Early in the preseason, Joe Restic told me this year's football team was a group with real spirit--a togetherness and pride that would be good for at, least a few extra points.
At the time, with an eye toward the glaring weaknesses in the Crimson lineup, I regarded Restic's comment as the optimism of a coach desperate for a strength to highlight. After all, spirit? The glee club has spirit; your fourth-grade gym teacher had spirit; an Irish Setter puppy has spirit. But a football team has bulk, speed, agility, experience.
I doubted Joe's enthusiasm.
Well, no more. This team has confidence, and--yes--spirit. They are a very convincing group.
I was eating a quiet dinner the other night, counting the peas and carrots in my turkey pot pie, when I noticed that a very burly, almost-rabid lineman was inserting a custard-filled eclair into my right ear.
The move was a very effective attention-getter. I immediately ignored the fowl goulash before me and surveyed three very mean looking Lou Ferrigno clones who were glaring at me from above.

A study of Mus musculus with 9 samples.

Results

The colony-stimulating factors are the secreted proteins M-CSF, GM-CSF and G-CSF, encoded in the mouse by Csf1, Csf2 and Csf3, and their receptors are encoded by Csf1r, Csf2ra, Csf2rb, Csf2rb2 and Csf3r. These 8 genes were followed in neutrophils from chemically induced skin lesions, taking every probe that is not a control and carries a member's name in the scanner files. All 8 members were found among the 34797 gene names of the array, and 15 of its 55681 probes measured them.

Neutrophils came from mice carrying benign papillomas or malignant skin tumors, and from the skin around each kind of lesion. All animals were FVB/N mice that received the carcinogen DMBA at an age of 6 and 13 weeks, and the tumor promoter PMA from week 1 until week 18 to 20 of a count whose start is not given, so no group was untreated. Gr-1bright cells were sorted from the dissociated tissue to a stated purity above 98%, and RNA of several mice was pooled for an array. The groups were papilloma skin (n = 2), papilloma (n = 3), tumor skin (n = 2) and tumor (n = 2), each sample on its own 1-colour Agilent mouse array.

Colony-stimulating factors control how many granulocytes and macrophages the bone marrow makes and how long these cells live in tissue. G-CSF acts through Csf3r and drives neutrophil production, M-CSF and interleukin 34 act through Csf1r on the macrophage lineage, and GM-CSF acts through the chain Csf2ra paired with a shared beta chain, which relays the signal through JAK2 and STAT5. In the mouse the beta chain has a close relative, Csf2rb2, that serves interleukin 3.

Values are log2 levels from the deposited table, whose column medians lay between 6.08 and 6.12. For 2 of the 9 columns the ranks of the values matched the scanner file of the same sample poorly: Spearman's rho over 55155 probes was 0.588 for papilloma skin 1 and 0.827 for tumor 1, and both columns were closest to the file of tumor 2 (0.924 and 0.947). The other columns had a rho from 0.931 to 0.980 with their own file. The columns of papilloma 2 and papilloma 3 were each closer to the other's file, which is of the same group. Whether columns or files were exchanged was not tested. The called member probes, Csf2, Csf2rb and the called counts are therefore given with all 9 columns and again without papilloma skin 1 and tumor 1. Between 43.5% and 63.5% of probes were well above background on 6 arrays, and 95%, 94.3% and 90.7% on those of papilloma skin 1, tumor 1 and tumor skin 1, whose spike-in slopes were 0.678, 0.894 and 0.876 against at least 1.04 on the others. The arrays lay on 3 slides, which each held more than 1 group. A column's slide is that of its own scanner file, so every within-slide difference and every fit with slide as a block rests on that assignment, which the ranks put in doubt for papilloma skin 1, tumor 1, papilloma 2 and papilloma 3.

One of them was particularly disturbing, almost ready to foam at the mouth and looking something like a Dartmouth frat brat after a tough Friday night with the boys.
"Aaaaarrrrrghhh (snort, garumph)," he said, articulately.
"Yes, well, I agree that it is unfortunate they tightened the requirements in Bio 106," I replied.
At that, he moved the eclair somwhere into my inner ear. Fearing the Harvard-made custard would soon cut off the air supply to my brain and permanently block my aural passageway, I decided I had better oblige my dinner guests.
"So, gentlemen, what can I do for you? Perhaps you'd like a cup of coffee? Maybe a shoeshine?" I queried.
The most sedate of the trio, while attempting to get his friend to withdraw the pastry from my person, said, "So. When are you gonna stop writing that you're surprised about the team doing well (including frequent colorful interjections)?
"Yeah, yeah! No surprise. Good for real. Yeah, yeah!" added the bakery-crazed eclair wielder.
The third member of this merry triumverate stood by silently, cracking each joint in his body--one by one--with deafening precision. He was chewing a wad of Bazooka and crushed Coke bottles. I was dying to ask him if he would blow a bubble, but I surpressed the urge in the name of mental health--my own.
"Now look guys," I began, hoping not to provoke my end as a giant custard tube. "You were awesome against Columbia. I admit it. But really, the Lions looked like a bunch of Kindergarteners out for recess-time kickball. You still have to prove yourselves against a real test."